WHAT IS REPATHA®?


Repatha® is a human monoclonal IgG2 directed against human PCSK9. Repatha® binds to PCSK9 and inhibits circulating PCSK9 from binding to the low density lipoprotein (LDL) receptor (LDLR), preventing PCSK9-mediated LDLR degradation and permitting LDLR to recycle back to the liver cell surface. By inhibiting the binding of PCSK9 to LDLR, Repatha® increases the number of LDLRs available to clear LDL from the blood, thereby lowering LDL-C levels.1


Indication

Repatha® is indicated as adjunct to diet and maximally tolerated statin therapy for the treatment of adults with heterozygous familial hypercholesterolemia (HeFH) or clinical atherosclerotic cardiovascular disease (CVD), who require additional lowering of low density lipoprotein cholesterol (LDL-C).

Limitations of Use

The effect of Repatha® on cardiovascular morbidity and mortality has not been determined.

Repatha® Mechanism of Action

How Repatha® Works

How Repatha worksHow Repatha works

  • PCSK9 is a protein that promotes degradation of LDLRs. This results in fewer LDLRs on the liver cell surface, increasing plasma LDL-C levels2

REPATHA® INHIBITS PCSK9, THEREBY PREVENTING LDLR DEGRADATION1



  • By inhibiting the binding of PCSK9 to LDLR, Repatha® permits LDLRs to recycle back to the liver cell surface1
  • This in turn increases the number of LDLRs available to clear LDL from the blood, thereby lowering LDL-C levels1

How Repatha® impacts LDL-C levels

PCSK9 INHIBITION WITH REPATHA®

How Repatha works 

  • Repatha® lowers LDL-C levels by inhibiting PCSK9, increasing the number of LDLRs on the hepatocyte surface, thereby resulting in lower LDL-C plasma concentrations1

References:

  1. Repatha® (evolocumab) Prescribing Information, Amgen.
  2. Qian Y-W, Schmidt RJ, Zhang Y, et al. J Lipid Res. 2007;48:1488-1498.
IMPORTANT SAFETY INFORMATION

Contraindication: Repatha® is contraindicated in patients with a history of a serious hypersensitivity reaction to Repatha®.

Allergic reactions: Hypersensitivity reactions (e.g. rash, urticaria) have been reported in patients treated with Repatha®, including some that led to discontinuation of therapy. If signs or symptoms of serious allergic reactions occur, discontinue treatment with Repatha®, treat according to the standard of care, and monitor until signs and symptoms resolve.

Adverse reactions: The most common adverse reactions (> 5% of Repatha®-treated patients and more common than placebo) were: nasopharyngitis, upper respiratory tract infection, influenza, back pain, and injection site reactions.

In a 52-week trial, adverse reactions led to discontinuation of treatment in 2.2% of Repatha®-treated patients and 1% of placebo-treated patients. The most common adverse reaction that led to Repatha® treatment discontinuation and occurred at a rate greater than placebo was myalgia (0.3% versus 0% for Repatha® and placebo, respectively).

Adverse reactions from a pool of the 52-week trial and seven 12-week trials:
Local injection site reactions occurred in 3.2% and 3.0% of Repatha®-treated and placebo-treated patients, respectively. The most common injection site reactions were erythema, pain, and bruising. The proportions of patients who discontinued treatment due to local injection site reactions in Repatha®-treated patients and placebo-treated patients were 0.1% and 0%, respectively.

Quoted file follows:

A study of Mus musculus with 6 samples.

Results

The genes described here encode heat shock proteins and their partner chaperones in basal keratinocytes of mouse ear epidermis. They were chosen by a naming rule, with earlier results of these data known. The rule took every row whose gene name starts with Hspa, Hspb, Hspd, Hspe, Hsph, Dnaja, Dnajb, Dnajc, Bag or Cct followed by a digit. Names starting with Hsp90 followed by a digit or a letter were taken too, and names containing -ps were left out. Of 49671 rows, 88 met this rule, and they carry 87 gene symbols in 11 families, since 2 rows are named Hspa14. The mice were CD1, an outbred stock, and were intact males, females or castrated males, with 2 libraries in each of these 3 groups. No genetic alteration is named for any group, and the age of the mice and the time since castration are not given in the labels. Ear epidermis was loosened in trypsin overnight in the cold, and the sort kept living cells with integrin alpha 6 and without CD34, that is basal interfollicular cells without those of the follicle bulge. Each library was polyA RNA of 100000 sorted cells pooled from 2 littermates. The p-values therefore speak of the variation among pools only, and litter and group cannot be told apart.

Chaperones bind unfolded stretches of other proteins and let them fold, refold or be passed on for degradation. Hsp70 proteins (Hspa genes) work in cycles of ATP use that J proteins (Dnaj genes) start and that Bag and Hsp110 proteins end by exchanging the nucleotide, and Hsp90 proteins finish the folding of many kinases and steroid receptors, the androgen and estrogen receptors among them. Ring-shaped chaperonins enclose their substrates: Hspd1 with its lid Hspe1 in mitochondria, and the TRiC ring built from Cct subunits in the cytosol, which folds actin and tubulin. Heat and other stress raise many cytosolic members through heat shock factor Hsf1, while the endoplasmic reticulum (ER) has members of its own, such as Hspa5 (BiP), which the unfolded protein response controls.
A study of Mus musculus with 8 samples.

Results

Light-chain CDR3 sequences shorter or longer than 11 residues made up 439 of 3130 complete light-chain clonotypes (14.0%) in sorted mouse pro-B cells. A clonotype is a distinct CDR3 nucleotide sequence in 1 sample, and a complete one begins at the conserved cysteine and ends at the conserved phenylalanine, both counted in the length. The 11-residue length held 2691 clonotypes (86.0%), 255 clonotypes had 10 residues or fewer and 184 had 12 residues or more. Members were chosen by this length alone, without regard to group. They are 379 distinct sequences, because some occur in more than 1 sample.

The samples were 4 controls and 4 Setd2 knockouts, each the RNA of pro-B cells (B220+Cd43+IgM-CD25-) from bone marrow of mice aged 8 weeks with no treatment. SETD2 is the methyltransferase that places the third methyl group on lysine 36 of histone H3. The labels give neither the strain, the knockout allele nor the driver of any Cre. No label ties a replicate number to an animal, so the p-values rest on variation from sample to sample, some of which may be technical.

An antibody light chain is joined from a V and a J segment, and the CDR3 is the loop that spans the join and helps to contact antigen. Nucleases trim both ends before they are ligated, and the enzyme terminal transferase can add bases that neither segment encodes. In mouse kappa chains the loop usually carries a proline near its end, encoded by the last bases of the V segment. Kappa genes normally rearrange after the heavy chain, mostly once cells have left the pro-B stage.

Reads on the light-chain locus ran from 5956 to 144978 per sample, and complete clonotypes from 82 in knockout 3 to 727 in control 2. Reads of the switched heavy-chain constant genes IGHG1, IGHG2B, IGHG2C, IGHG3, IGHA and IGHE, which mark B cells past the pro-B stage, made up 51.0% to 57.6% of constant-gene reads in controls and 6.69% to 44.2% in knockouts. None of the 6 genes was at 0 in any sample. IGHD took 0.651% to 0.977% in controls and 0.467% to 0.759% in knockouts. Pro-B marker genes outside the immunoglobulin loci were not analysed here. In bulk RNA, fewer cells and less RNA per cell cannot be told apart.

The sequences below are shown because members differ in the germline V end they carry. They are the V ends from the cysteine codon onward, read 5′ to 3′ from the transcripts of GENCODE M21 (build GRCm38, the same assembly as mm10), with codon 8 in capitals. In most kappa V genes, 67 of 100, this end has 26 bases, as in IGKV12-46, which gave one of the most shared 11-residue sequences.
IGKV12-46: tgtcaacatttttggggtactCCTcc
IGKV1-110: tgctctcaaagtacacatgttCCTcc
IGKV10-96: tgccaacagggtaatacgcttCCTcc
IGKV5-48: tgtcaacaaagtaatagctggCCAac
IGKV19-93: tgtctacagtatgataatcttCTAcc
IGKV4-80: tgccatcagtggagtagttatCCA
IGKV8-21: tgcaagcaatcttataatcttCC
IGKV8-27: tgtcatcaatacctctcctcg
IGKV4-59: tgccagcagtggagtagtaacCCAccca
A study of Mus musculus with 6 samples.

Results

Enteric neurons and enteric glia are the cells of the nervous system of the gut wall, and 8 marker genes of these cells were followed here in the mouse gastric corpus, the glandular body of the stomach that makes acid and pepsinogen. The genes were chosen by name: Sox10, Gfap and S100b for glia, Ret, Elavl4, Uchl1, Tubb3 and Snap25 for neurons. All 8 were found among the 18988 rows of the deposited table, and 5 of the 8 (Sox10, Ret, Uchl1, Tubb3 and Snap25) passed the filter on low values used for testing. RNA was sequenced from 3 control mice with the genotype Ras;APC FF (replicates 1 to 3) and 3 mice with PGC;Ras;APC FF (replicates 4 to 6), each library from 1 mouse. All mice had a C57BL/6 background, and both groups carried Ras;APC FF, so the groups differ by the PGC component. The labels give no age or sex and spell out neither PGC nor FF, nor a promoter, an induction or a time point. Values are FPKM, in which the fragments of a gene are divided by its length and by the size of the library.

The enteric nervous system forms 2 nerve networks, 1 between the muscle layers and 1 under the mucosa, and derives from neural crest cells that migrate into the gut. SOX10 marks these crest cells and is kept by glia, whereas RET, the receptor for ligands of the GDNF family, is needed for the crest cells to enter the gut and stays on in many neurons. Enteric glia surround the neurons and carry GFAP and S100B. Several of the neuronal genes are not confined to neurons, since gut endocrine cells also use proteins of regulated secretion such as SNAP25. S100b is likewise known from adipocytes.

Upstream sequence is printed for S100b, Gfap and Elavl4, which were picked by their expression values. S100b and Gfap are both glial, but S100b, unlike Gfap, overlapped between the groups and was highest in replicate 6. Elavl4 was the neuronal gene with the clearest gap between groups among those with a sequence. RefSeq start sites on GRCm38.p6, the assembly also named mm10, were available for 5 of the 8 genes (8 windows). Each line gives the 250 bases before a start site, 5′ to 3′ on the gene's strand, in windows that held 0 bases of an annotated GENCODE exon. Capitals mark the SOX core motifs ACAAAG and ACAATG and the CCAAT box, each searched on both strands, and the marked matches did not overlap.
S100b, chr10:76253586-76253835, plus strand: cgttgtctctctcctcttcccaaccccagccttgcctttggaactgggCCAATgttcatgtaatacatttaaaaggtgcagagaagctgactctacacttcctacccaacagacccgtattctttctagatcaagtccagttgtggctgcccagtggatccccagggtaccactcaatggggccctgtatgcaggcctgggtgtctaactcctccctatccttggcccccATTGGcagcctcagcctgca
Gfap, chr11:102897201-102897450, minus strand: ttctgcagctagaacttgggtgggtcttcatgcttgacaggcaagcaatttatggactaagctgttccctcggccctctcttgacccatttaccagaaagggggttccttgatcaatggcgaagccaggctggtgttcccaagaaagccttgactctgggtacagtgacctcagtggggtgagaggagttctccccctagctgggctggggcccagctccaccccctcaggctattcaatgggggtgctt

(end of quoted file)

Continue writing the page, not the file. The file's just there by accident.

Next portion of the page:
Allergic reactions occurred in 5.1% and 4.7% of Repatha®-treated and placebo-treated patients, respectively. The most common allergic reactions were rash (1.0% versus 0.5% for Repatha® and placebo, respectively), eczema (0.4% versus 0.2%), erythema (0.4% versus 0.2%), and urticaria (0.4% versus 0.1%).

Neurocognitive events were reported in less than or equal to 0.2% in Repatha®-treated and placebo-treated patients.

In a pool of placebo- and active-controlled trials, as well as open-label extension studies that followed them, a total of 1,988 patients treated with Repatha® had at least one LDL‑C value < 25 mg/dL. Changes to background lipid-altering therapy were not made in response to low LDL-C values, and Repatha® dosing was not modified or interrupted on this basis. Although adverse consequences of very low LDL-C were not identified in these trials, the long-term effects of very low levels of LDL-C induced by Repatha® are unknown.

Musculoskeletal adverse reactions were reported in 14.3% of Repatha®-treated patients and 12.8% of placebo-treated patients. The most common adverse reactions that occurred at a rate greater than placebo were back pain (3.2% versus 2.9% for Repatha® and placebo, respectively), arthralgia (2.3% versus 2.2%), and myalgia (2.0% versus 1.8%).

Immunogenicity: Repatha® is a human monoclonal antibody. As with all therapeutic proteins, there is a potential for immunogenicity with Repatha®.

INDICATION

Repatha® is indicated as an adjunct to diet and maximally tolerated statin therapy for the treatment of adults with heterozygous familial hypercholesterolemia (HeFH) or clinical atherosclerotic cardiovascular disease (CVD), who require additional lowering of low density lipoprotein cholesterol (LDL-C).

The effect of Repatha® on cardiovascular morbidity and mortality has not been determined.